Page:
Eighteen months ago, CBInsights released a list of reasons why startups fail, based on analysis of 101 startup postmortems.
The analysis identified the top 20 reasons for failure that were derived from the patterns portrayed in the postmortem’s stories.
I decided to challenge this list.
Not because I doubt it in any way, but because I wanted to see if I could find a common ground for all these reasons — one ‘core reason’ that fuels all the others.
And I found what I was looking for!
A closer look at these 20 reasons reveals most of them were caused due to lack of deep understanding of the startup’s target audience and could have been prevented (or, at the very least, the effect on the startups’ life could have been minimised) if a consumer-driven approach was applied.
Sounds like fluff?
Maybe, but if you’re planning on beating the statistics, this ‘fluff’ might be your secret sauce.
Let’s put it to the test.
No market need
The number one reason for failure, cited in 42% of cases, demonstrates this point most vividly. Coming up with an idea is the easy part. Refining, adjusting and re-designing it to make sure it meets a real market need is the trickier part.
Why? Because it requires you to really understand what people want.
In the words of Henry Ford: “If I had asked people what they wanted, they would have said faster horses.”
It’s your job as an entrepreneur to understand the underlining of what people are saying — in Ford’s case, to get from point A to point B faster — and refine our ideas around that instead of just listening to their words and come up with a literal solution.
It’s also important you listen to the right people — those being your potential consumers and target audience. Your co-workers, dev team, best friends and mum don’t count, even if they fit the profile of your target audience.
Yes, it means you might have to pour some precious funds into getting this feedback, such as investing in some research or a survey. However, if your success relies so heavily on that, maybe you should look at it as your most important long-term invest — the one that can help you beat the statistics.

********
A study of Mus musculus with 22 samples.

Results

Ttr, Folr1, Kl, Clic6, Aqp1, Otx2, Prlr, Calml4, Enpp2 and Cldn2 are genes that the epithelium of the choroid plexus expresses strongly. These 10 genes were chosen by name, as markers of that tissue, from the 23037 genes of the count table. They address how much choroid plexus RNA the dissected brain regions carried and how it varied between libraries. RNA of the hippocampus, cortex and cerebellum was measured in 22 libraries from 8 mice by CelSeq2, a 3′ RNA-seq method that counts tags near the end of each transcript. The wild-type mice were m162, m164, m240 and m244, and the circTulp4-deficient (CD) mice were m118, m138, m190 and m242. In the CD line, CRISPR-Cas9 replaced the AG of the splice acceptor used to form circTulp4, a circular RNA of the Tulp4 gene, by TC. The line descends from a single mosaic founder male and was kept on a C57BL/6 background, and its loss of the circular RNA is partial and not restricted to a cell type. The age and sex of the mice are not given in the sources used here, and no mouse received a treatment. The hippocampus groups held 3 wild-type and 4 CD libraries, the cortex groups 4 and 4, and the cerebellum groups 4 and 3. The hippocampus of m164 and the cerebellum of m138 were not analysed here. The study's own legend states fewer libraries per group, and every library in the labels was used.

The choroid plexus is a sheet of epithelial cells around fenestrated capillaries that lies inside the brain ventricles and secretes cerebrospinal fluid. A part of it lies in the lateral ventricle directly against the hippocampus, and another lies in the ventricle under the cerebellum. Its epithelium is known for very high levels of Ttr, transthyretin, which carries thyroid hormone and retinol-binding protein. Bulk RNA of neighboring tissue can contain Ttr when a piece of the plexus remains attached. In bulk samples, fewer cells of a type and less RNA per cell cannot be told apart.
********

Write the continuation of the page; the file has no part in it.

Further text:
This brings us to the second reason on CBInsight’s list.
Running out of cash
This reason for failure is not caused due to lack of funds, but due to the wrong use of funds.
And what has that got to do with understanding your consumers?
Consumers hold the answers to where, how and what you should spend your money on.
Their reactions can prevent you from spending time and money on developing a feature they’re not interested in and can encourage you to keep working on something else for which they’re willing to pay a premium. That means they’re not just helping you save money but also helping you to stay focused (reason 11) and set the right pricing (reason five).
Their characteristics can direct you to where you can find them (and others like them) but even more than that, it will prevent you from throwing money on the wrong marketing tools, channels and messaging (reason eight).
Their behaviour can tell how friendly or unfriendly your product or interface is (reason six), and if you deeply analyse their behaviour and interaction with your product instead of ignoring them (reason nine), you can easily adjust it to better accommodate their preferences of use.
The money you invest in understanding your consumers at an early stage saves you from spending it in the wrong avenues while keeping you focused on more yielding opportunities. As a result, it helps to prevent you from running out of cash before you got the chance to prove yourself.
Speaking of cash, your investors are in fact a target audience of their own, and your offering to them is significantly different from the one you are offering your consumers. If you acknowledge this and make sure to speak differently to them, you have a much better chance of getting their interest and funds (and risk-proofing your startup from reason 16).
We can keep going through this list, and yes, some of the reasons are not consumer-related — such as not having the right team, a lack of passion and burn out — but I think the point is clear by now.
A profound understanding of your consumers and target audiences is a critical ingredient for startup success.
Usually perceived as a pure marketing ‘tool’, consumer understanding (and the consumer insights drawn from it) is in fact one of the most powerful, intangible business assets you can have, and if properly used, it can positively affect every aspect of your startup, be it marketing, product, pricing, innovation or customer service.
In a world and time where consumers hold the power to build and destroy ventures, startup founders and teams must lead a consumer-driven business from day one and let consumer insights guide their overall strategy.